U.S. auto safety regulators have determined that only infotainment centers from Fiat-Chrysler Automobiles (FCA) had a security flaw that could allow hackers to take control of Jeeps and several other model cars and trucks.
Last summer, Fiat-Chrysler recalled 1.4 million Jeep, Chrysler, Dodge and Ram vehicles that had the security flaw.
After a five-month investigation into cyberhacking vulnerabilities, the National Highway Traffic Safety Administration (NHTSA) said only FCA vehicles, and no others, were vulnerable to the hack.
Affected were certain vehicles equipped with 8.4-in. Uconnect touchscreens:
- 2013-2015 Dodge Viper specialty vehicles
- 2013-2015 Ram 1500, 2500 and 3500 pickups
- 2013-2015 Ram 3500, 4500, 5500 Chassis Cabs
- 2014-2015 Jeep Grand Cherokee and Cherokee SUVs
- 2014-2015 Dodge Durango SUVs
- 2015 Chrysler 200, Chrysler 300 and Dodge Charger sedans
- 2015 Dodge Challenger sports coupes
Audi Volkswagen and Bentley were also part of the NHTSA's investigation because they use the same infotainment center as Chrysler vehicles, which are made by Harman and used a similar Uconnect operating system.
"According to Harman, vulnerabilities identified by FCA are not present in the head units supplied to Audi and Bentley given the distinct hardware components and software architectures of these varying infotainment systems," the NHTSA stated in a report released Friday.
Additionally, Harman products supplied to Volkswagen contain software features and protocols unique to respective vehicle systems. Audi provided materials to the NHTSA explaining why its infotainment technology provided increased safety and security. According to Audi, mobile online services and Wi-Fi connectivity are located on a separate hardware module, and vehicle systems are designed to use communication domains that are separated by a gateway.
The FCA recall followed a video published by two security experts who collaborated with Wired magazine to demonstrate how they could remotely control a Jeep Cherokee using a laptop computer.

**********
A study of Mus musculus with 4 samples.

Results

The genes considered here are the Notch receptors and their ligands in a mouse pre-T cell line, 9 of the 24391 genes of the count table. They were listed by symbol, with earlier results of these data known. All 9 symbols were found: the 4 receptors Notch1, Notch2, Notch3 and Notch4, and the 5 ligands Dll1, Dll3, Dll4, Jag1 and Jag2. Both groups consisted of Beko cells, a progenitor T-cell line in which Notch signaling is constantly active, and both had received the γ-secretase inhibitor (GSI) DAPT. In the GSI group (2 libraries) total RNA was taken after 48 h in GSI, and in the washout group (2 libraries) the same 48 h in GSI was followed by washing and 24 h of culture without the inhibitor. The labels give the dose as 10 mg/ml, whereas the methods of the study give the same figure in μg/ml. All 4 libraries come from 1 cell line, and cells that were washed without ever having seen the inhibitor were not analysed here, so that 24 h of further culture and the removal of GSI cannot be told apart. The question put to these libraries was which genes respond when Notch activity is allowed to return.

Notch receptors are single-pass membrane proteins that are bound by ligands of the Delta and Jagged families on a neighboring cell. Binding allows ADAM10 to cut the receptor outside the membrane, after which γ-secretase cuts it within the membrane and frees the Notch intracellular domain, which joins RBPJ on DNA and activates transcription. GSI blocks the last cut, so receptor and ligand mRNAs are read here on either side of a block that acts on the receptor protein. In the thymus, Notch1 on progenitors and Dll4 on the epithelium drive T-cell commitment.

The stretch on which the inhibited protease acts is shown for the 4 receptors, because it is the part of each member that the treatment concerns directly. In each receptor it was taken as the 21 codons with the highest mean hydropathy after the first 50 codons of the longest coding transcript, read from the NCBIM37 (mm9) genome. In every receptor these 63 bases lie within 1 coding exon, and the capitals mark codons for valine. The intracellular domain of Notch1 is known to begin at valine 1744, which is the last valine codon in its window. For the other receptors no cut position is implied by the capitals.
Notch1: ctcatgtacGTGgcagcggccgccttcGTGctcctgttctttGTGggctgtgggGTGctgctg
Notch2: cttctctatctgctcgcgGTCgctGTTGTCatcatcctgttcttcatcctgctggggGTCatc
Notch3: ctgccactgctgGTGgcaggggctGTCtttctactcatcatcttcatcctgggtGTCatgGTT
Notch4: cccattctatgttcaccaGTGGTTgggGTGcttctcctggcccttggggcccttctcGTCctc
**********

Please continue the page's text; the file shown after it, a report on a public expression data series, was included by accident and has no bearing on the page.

The hackers were able to use the cellular connection to the Jeep's entertainment system, or head unit, to gain access to other systems. The head unit is commonly connected to various electronic control units (ECUs) located throughout a newer vehicle. There can be as many as 200 ECUs in a vehicle.
According to the NHTSA's Office of Defects Investigation, the security architecture implementations in the infotainment head units supplied to other manufacturers are distinct from the Uconnect Access units provided to FCA from Harman.
Audi and Bentley also installed infotainment devices with countermeasures, including multilayered security implementations and partitioned communication domains to reduce security vulnerability risks and mitigate or prevent cyberattacks, the NHTSA stated.
"Additionally, these other vehicles interacted with vehicle networks outside the infotainment system differently," the NHTSA's report stated.
The NHTSA also stated that FCA and its network provider, Sprint, conducted a nationwide campaign to block access to a radio communications port that was unintentionally left open. On July 27, 2015, short-range wireless vulnerabilities were also blocked. Finally, third-party security evaluation and regression testing identified vulnerabilities that were either remedied by Sprint or through updates to the FCA Uconnect software.